ID EN
  Jan 8, 2017

Javascript This

It is often to use this operator when you want to implement a class or an object under object oriented programming language. Javascript doesn’t have object oriented paradigm, however Javascript supports this keyword. Unlike other common programming language, in Javascript this will behave differently.

On normal condition, calling this will return global object. Look at example below:

console.log(this === window); // output 'true'
function callingGlobal() {
    console.log(this === window);
}
callingGlobal(); // output 'true' (?)

As we can see above, we can access global object via this operator even though it is inside a function scope. However if we set use strict on the beginning of the function body, this operator will not refer to global object because currently it has a different context than outside of the function.

console.log(this == window); // output 'true'
function callingGlobal() {
    'use strict';
    console.log(this == window);
}
callingGlobal(); // output undefined

Some of native Javascript’s functions set this to be a certain object just like what we have on addEventListener’s function.

function changeBodyBackground(e) {
    var letters = '0123456789ABCDEF';
    var color = '#';
    for (var i = 0; i < 6; i++ ) {
        color += letters[Math.floor(Math.random() * 16)];
    }
    this.style.backgroundColor = color;
}
var $body = document.getElementsByTagName('body')[0];
$body.addEventListener('click', changeBodyBackground, false); // body's background color change when it is clicked

In example above, this operator is referring to body’s DOM object which has been attached to an event handler. But we can also change this so it refers to an object that we define ourselves. Suppose instead of changing body background color, we want the h1 to change its background color when a user clicks body element.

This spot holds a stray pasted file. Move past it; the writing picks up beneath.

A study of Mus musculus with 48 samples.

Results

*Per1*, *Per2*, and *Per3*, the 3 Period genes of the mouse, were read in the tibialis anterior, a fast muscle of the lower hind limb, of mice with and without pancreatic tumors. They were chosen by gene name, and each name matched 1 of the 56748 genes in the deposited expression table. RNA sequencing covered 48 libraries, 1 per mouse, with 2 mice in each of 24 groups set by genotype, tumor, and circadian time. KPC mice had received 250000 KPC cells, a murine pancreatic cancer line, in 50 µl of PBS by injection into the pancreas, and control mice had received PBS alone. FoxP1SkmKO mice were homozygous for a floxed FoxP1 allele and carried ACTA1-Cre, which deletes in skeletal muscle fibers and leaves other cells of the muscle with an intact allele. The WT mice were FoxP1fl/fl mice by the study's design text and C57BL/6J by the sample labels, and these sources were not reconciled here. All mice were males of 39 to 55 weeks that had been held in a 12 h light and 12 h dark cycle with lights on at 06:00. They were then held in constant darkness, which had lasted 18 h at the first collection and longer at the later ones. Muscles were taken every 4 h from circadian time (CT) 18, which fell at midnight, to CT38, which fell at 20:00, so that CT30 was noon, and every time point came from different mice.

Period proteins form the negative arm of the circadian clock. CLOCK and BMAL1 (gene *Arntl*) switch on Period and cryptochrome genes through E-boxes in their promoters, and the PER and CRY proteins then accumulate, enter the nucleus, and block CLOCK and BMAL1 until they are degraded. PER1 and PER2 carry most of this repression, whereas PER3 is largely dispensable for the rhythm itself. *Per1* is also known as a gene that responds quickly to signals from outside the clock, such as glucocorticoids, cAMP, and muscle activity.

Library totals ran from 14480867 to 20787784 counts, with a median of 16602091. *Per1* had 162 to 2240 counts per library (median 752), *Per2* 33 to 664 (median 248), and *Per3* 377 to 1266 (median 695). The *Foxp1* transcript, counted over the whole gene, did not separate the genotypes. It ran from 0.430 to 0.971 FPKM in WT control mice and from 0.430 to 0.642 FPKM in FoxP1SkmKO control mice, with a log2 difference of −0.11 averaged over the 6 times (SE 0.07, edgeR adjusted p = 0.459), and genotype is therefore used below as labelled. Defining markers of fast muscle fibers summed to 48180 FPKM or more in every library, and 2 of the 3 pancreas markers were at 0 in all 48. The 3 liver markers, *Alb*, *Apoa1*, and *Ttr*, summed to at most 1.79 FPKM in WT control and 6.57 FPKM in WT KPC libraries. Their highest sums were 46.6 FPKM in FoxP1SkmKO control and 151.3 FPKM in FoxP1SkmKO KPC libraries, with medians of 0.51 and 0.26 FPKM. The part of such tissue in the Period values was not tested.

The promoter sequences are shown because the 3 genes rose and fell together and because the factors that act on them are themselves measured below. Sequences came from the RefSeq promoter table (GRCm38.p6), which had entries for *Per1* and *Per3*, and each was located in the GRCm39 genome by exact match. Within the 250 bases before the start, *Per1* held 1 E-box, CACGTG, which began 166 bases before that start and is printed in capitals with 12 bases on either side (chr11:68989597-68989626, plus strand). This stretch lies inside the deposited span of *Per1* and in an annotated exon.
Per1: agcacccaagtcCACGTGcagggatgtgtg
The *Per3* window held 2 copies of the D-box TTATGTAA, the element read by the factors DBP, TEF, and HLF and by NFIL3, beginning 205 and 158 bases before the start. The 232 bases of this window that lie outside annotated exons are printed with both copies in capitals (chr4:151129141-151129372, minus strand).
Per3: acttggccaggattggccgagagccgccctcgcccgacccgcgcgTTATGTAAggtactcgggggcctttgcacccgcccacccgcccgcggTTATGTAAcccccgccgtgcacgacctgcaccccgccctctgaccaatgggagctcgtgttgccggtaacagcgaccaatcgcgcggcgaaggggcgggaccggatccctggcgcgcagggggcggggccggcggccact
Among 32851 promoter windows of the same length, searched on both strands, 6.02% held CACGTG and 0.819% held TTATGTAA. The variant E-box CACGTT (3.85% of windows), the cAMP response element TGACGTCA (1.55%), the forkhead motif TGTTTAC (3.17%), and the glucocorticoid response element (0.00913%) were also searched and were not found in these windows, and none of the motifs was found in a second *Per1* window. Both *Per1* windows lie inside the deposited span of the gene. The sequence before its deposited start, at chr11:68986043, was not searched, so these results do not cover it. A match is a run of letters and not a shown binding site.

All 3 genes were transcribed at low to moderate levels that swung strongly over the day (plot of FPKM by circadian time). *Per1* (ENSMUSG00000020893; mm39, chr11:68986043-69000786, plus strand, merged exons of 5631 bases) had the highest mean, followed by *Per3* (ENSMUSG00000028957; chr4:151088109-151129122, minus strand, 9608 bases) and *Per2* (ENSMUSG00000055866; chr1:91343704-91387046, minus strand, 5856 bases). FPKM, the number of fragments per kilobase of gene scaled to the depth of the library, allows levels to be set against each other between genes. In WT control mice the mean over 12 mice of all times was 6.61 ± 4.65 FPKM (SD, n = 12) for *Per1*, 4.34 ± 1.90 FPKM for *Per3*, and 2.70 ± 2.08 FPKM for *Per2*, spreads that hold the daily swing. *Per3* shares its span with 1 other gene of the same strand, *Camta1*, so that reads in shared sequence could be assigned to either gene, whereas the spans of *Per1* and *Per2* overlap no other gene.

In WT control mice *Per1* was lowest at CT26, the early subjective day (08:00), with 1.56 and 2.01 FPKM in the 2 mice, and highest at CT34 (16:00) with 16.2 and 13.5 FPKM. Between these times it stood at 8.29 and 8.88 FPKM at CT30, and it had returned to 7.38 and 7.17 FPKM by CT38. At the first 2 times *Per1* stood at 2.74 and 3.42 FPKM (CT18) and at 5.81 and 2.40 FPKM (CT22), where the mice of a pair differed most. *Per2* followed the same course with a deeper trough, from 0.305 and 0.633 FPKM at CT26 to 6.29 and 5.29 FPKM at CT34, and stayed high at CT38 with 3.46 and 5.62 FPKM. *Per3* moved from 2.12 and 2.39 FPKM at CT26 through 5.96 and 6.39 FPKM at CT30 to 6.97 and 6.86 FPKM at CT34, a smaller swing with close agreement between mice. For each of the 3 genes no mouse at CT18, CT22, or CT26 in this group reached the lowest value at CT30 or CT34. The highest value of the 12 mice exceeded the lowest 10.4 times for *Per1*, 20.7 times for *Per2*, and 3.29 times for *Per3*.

// changeBodyBackground
var $body = document.getElementsByTagName('body')[0];
var $h1 = document.getElementsByTagName('h1')[0];
$body.addEventListener('click', changeBodyBackground.bind($h1), false); // h1 will change color whenever we click the body

By using bind, we can apply the value of this according to the object which we input as parameter. Aside from bind, we can also use call and apply function. The difference is when call or apply is called, the corresponding function will be run.

var someObject = {
    arr: [2, 3, 5, 8, 13]
};

function multiplyWith(x, y) {
    for (var i = 0; i < this.arr.length; i++ ) {
        this.arr[i] = this.arr[i] * x * y;
    }
    return this.arr;
}

multiplyWith.call(someObject, 10, 2); // [40, 60, 100, 160, 260]
multiplyWith.apply(someObject, [10, 2]); // [40, 60, 100, 160, 260]

There is a difference between call and apply when inserting function’s parameters. In call case, it accepts parameter explicitly, whereas apply accepts parameter in array form.

In previous articles i had explained about module pattern. By using this inside of a method, we can call object’s methods or properties on the same module just like what the examples is shown below.

function Cat(type) {
    return {
        walking: function() {
            return type + ' is walking');
        },
        walkingWhileEating: function() {
            return this.walking() + 'while eating..';
        }
    };
}

var siamese = Cat('siamese');
siamese.walkingWhileEating(); // siamese is walking while eating

Final Words

Dealing with this is indeed tricky, especially when it is used outside module pattern. Please always add use strict on your Javascript’s code for the sake of consistency and to get off from modifying global object.